By Nora O. Lozano
La versión en español está disponible aquí.
As we approach Thanksgiving, Christmas and the end of the year, I normally start reflecting on the year and the major events that happened.
This year has brought its particular challenges, like every year. When I am going through them, they just seem to be the hardest and most complicated ones ever. However, as I start reflecting, comparing and evaluating, I find out that perhaps it was not the hardest year. At the time it surely felt like that.
As I am going through these challenging times, I assess ways to deal with particular issues, figure out the best approach to the situation, and ask good friends and partners for prayer — much prayer.
I believe that my life has always been surrounded by prayer, not because of my own doing, but because of loved ones who care deeply about me and my situations.
As I was growing up, prayer in my life was a given. I come from large families on both sides — my mom’s and dad’s — and I used to have a great number of aunts. These beloved ladies, together with my mom and grandmothers, prayed for me.
I knew for years and years that someone was praying for me always, faithfully. So, even if I was not praying for myself or my immediate family, I knew that we were prayed for, and that I could go about my daily business covered in prayer.
However, when these dear women, little by little, went to heaven, I was left with a huge sense of loss: stories, food, gatherings — and prayer. I felt a sense of abandonment, of being an orphan in prayer.
With time, God has provided me with other praying communities: my two churches (San Antonio, Texas, and Monterrey, Mexico) and the BUA (Baptist University of the Américas) community that are always ready to pray for me. I am thankful, too, for some Facebook private groups where prayer is just a click away, such as my dear seminary friends and the LLI (Latina Leadership Institute) community.
These praying communities in my past and present have been very important because they have provided me with support in different stages of my life, especially as I struggled with prayer. I must confess that sometimes I do not know how to pray in a particular situation, and often I feel that I am not praying enough.
As I reflected with thankfulness on these communities, I was led to consider a third praying community. It has been always there, in spite of my earlier unawareness of its presence. As I realized this, I found an immense sense of peace, of closure, because it is a community that will not pass away, unlike the members of my first praying community (my grandmothers and aunts).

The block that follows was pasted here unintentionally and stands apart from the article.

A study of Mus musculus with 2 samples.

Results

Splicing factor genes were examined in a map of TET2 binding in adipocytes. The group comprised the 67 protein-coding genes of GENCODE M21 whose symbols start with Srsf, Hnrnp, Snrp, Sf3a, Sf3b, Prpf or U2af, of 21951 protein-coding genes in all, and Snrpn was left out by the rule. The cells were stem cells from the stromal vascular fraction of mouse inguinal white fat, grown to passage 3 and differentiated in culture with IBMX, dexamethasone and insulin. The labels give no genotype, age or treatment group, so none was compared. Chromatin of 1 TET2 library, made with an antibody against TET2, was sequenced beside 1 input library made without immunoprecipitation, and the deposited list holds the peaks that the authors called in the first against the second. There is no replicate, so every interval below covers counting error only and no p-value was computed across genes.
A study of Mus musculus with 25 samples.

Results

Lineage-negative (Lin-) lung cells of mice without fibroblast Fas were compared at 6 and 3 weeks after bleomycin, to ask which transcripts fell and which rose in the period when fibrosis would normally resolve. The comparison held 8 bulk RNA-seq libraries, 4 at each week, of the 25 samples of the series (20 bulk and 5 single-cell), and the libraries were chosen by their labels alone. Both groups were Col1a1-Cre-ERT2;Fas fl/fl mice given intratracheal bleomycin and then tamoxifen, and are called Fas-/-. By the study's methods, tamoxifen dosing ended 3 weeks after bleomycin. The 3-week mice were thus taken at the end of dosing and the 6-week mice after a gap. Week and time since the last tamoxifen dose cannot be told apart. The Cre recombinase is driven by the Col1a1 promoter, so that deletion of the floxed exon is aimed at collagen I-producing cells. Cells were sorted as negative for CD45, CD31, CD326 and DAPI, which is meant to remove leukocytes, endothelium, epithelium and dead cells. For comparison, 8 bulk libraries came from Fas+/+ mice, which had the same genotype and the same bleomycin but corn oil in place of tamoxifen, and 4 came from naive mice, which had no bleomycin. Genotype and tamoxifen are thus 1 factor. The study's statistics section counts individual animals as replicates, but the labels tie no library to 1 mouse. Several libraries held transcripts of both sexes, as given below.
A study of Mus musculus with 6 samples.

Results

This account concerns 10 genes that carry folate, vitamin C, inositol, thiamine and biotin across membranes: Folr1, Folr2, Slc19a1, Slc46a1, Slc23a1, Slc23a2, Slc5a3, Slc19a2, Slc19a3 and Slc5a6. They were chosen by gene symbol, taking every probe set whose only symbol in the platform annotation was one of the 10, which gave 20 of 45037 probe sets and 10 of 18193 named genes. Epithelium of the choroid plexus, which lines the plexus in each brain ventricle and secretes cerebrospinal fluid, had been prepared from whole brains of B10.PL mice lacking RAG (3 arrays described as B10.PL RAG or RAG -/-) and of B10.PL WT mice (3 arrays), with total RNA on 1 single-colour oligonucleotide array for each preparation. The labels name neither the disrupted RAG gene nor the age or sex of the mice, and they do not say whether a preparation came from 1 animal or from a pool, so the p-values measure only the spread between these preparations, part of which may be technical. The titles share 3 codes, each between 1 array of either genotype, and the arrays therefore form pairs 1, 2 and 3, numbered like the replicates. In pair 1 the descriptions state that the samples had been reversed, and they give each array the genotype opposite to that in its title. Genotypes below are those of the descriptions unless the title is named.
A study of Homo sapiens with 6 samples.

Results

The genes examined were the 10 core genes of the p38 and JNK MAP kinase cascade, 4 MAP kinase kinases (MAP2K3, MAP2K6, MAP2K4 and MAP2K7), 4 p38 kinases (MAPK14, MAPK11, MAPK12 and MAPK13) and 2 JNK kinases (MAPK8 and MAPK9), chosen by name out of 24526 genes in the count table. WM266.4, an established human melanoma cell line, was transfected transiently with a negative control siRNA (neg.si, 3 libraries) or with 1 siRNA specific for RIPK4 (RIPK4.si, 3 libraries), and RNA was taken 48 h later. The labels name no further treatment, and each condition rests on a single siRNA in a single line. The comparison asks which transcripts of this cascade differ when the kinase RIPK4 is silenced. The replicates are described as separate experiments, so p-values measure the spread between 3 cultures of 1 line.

This third community is eternal, Trinitarian (God, Jesus and the Holy Spirit) and, furthermore, does not depend on my efforts to pray more or to pray the right prayer.
According to the Bible, Jesus is our perpetual intercessor, and his prayers, I believe, are constant, passionate prayers for us. Why? Since he was one of us, and was tempted in everything just as we are, but without sin, he identifies himself with our struggles and sufferings (Hebrews 4:15 and 7:25). He understands how it feels to be down here, and because of this, he intercedes constantly for us.
Another component of this eternal, Trinitarian praying community is the Holy Spirit’s role. As I mentioned before, at times I do not know how to pray, or even worse, sometimes, looking in retrospective, I have found that I was praying for the wrong thing.
The good news is that prayer does not depend on me. The Bible mentions in Romans 8:26-27, “Likewise the Spirit helps us in our weaknesses, for we do not know how to pray …, but that very spirit intercedes with groans too deep for words … because the Spirit intercedes for the saints according to the will of God.” Thus, the Holy Spirit is the one who guarantees that our prayers are the right ones. In the way that I picture this is that as our prayers ascend to God, the Holy Spirit transforms them into the right prayers. So it gives me much peace as I pray, to know that the Holy Spirit is the one who transforms our prayers in the right prayers — prayers that are according to the perfect will of God.
So today, I am thankful, too, for this Trinitarian praying community: the Son interceding for us, the Holy Spirit interceding for us, too, and directing our prayers, and God listening to them, and acting according to God’s will to promote our welfare. I am thankful that this is an eternal community that will not die, that it will not pass away like my first praying community.
At this point, some readers may ask, if we have these great communities praying for us, why should we, personally, pray? We do it because prayer is a vital part of our relationship with God, which needs to be nurtured and developed. Furthermore, Dr. Molly T. Marshall suggests that prayer “… is transformative to the one praying and the circumstances for which he or she intercedes.” In which ways are we transformed? She suggests in another blog: “We do not pray to persuade God to do the right thing. We pray so as to add our energy and love to divine purposes.”
So, as we attempt to join divine purposes with our prayer life, these two praying communities, the earthly one and the heavenly one work together to bless us. The earthly praying community represented by our church, families, and friends, helps us to stay connected to the body of Christ, anchored, embraced, encouraged and supported in the fellowship of the believers. The heavenly community guarantees that prayers on our behalf are constant, correct, and effective.
As we go through life with its joys and struggles, these praying communities are indeed a gift from God, true grace, and for this I am so thankful. Amen!